With Microsoft and Amazon leading the charge for cloud services, Google’s latest acquisition aims to level the playing field.
To boost its product range when selling its cloud services to potential clients, Google has announced the acquisition of US-headquartered data science firm Looker for $2.6bn, Bloomberg reports. This is the company’s biggest acquisition since it snapped up smart home tech firm Nest for $3.2bn in 2014.
Founded in 2012, Looker Data Sciences – to give it its full name – works with companies to create visualisations and analyse the data that they store in the cloud. In addition to its five US offices, it also has offices in Tokyo, London and Dublin.
In a blogpost, Looker CEO Frank Bien said that the platform will be integrated into Google Cloud’s BigQuery and associated data infrastructure.
“Together, we’ll have better reach, more resources, and the brightest minds in both analytics and cloud infrastructure,” Bien said.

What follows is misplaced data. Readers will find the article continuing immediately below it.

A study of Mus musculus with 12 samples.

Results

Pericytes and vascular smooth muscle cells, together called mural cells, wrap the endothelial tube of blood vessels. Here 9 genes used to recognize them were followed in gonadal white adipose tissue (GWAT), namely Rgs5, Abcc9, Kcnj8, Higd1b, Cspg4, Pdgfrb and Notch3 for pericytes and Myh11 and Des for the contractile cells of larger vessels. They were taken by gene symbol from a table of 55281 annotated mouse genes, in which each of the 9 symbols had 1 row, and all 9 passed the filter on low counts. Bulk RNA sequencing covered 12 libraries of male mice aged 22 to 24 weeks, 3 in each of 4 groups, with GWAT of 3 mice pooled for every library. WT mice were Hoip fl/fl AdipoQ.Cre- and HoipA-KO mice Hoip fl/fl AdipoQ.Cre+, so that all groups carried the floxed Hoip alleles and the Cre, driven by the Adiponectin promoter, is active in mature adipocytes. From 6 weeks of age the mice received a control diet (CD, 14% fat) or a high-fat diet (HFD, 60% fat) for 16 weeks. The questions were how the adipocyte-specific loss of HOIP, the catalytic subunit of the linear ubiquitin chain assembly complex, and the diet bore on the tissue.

Google Cloud CEO Thomas Kurian said the deal will offer cloud customers “a more complete analytics solution, from ingesting data to visualising results and integrating data and insights into their daily workflows”.
The move is part of Google’s efforts to take on the might of Amazon and Microsoft, which have a strong lead over the search giant in the cloud space.
Figures show that in Q1 2019, Amazon’s cloud division – Amazon Web Services (AWS) – surpassed estimates with revenues exceeding $7.6bn, whereas Google Cloud earned approximately $2.3bn.
The decision by Google is also important in the face of tightening regulation and fears that advertisers are starting to move away from its platform following disappointing earnings in its most recent quarterly report.
In an interview with Bloomberg, Kurian noted that while Google has its own analytical tools, it was finding that many of its customers were also using Looker’s platform.
With more than 350 companies shared as customers between Google and Looker, the acquisition is set to be completed later this year, subject to regulatory approval.